Ambassador Charles Dunbar
Professor of International Relations, Boston University
"AF(ghanistan)-PAK(istan)": New Name; Same Crisis
"Af-Pak" is the Obama administration's most complex and intractable national security problem. Seven-plus years after the overthrow of the Taliban, Afghanistan and Pakistan, the two states the United States has supported with much blood shed and billions of dollars spent, are closer to failure than when we began. No troop surge, no new name for the problem, no "agonizing reappraisal" of the situation, - not even Richard Holbrooke - can alter these harsh realities. The best hope for reversing the downward slide may lie in widening the diplomatic search for a solution and a massive effort to encourage investment and ceate jobs in the Federally Administered Tribal Areas of Pakistan.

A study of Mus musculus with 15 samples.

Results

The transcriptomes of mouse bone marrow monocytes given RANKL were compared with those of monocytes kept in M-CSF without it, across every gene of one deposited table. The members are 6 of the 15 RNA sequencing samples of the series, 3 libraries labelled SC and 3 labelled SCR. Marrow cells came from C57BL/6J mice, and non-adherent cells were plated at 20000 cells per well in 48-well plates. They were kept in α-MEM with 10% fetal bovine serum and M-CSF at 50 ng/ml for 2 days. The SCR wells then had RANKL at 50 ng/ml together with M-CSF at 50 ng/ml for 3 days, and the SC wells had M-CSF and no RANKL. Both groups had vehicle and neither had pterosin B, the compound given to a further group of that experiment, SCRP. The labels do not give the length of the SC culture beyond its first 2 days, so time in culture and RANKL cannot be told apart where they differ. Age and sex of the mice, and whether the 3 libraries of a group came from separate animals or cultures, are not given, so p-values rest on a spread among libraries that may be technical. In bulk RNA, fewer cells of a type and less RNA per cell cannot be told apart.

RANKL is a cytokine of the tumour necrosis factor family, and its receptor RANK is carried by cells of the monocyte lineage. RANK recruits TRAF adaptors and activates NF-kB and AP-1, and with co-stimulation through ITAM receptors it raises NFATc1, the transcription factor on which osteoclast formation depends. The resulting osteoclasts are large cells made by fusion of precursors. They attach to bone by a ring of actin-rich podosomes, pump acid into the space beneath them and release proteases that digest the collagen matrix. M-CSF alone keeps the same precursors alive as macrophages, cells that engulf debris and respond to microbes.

Ambassador Charles Dunbar was a State Department foreign service officer from 1962-1993. He served as ambassador to Qatar (1983-1985) and to Yemen (1988-1991) and was charge d’affaires at the American Embassy in Kabul, Afghanistan from 1981 to 1983. After his service at the American Embassy in Kabul, he developed and helped carry out a strategy for strengthening the political dimension of the Afghan resistance to the Soviet occupation of Afghanistan. Earlier in his career, he served in Iran (1963-1967), Afghanistan (1967-1970), Morocco 1973-1975), Algeria (1975-1978), and Mauritania (1978-1980).
After leaving the State Department, Ambassador Dunbar was President of the Cleveland Council on World Affairs (1993-2001) and during that time taught at Case Western Reserve University, Cleveland State University, and Hiram College. Before coming to Boston University, he was the Warburg Professor in International Relations at Simmons College (2001-2004).